If one salary sacrifices certain things like cars, laptops, superannuation, from their pre-tax earnings, are these taken into account in a CSA calculation?

Say for instance a person earns 50,000 and salary sacrifices 20,000 towards superannuation, their taxable income is now 30,000. Which figure does the calculation use? Does the agency even know about anything that happens before tax is applied?
            salary sacrifice into super, if not shown on the group certificate, is currently not included, however there's something that I saw in the budget that says something along the lines that as from 1st July 2009 certain super will be included.

I'm not sure what this certain super is, hopefully Secretary_SPCA can clarify this.
Everyone has opinions Ludeking (no offence meant MikeT), but if you want the facts, check the CSA website
                 perhaps not the best advice here's the only hit available through all searches, however perhaps the CSA website search doesn't search everything :-

CSA Website said
Case study:
Investigations determined that the paying parent who was assessed to pay no child support due to a low taxable income was rolling the majority of their income from a company into a self-managed super fund. The parent also had a number of unencumbered properties not including their residential property. The new child support assessment was based primarily on 'allowing' 9% (as per the superannuation guarantee) rather than the amount the payer was claiming. After the investigation this parent was assessed as being required to pay more than $9000 per annum in child support payments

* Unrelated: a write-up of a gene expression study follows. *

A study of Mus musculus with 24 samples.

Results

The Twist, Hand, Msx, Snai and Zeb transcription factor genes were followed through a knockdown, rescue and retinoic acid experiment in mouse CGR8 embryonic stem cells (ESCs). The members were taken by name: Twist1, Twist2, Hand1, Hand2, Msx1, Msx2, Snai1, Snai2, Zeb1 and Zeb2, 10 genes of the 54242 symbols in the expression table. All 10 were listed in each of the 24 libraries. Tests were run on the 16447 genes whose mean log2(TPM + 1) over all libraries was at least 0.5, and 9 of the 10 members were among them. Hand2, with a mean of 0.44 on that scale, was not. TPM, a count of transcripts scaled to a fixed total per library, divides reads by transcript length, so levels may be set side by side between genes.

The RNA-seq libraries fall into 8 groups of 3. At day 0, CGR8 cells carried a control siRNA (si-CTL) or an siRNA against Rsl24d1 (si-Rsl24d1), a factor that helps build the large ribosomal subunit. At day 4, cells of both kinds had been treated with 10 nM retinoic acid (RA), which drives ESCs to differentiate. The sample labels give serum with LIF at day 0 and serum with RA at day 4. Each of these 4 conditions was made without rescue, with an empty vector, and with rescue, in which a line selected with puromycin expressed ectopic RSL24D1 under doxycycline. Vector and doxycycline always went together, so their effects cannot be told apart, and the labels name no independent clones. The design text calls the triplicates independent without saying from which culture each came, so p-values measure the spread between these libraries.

This has been discussed on here and I think questions asked directly to FACSIA and the consensus, if I'm correct, was roughly what I said.

Here's what Secretary_SPCA obtained :-

Secretary_SPCA said
We have confirmed advice from CSA legal that indicates that there are certain Salary Sacrifice packages that are exempt from disclosed income. That is they do not appear as FBT (Fringe benifit Taxable) and do not require to be added to the Group Certificate which is provided to ATO. ONE of these is Salary Sacrifice into a Super Fund.
fair enough MikeT - I must confess I did not try any searches as you have.

My thoughts were based on my experience 20 odd months ago, when I was asking similar questions to Ludeking's.  At that time, I was able to find the info I needed through the CSA website (or maybe my memory is poor and the info was on a different site - in which case, I do not know where to direct you Ludeking).
Anotherday, if you asked the CSA, without specifically asking the legals, then you may well have got the reply that it could not be exempt. I believe that Matt Miller said that he considered anything over 9% as evading CS, or something along those lines, perhaps forgetful that many of his staff get 15% put into super.

Here's the bit that was in the budget, just found it
The Budget said
The definition of "income" will be expanded to include certain salary sacrificed contributions to superannuation. "

Last edit: by MikeT

Interesting, I know a lot of employers pay 17% super, surely 11% of that wont be included as income.

Anyway, lets hope I can still sacrifice to super and reduce my taxable income with the new budget. Seems a fair number of people are ticked off with the new budget actually.

Lease car

Get a novated lease car through work - it works for me? CSA said it was allowed - guess who complained? ha ha. Mind you, I have had it in place for a long time.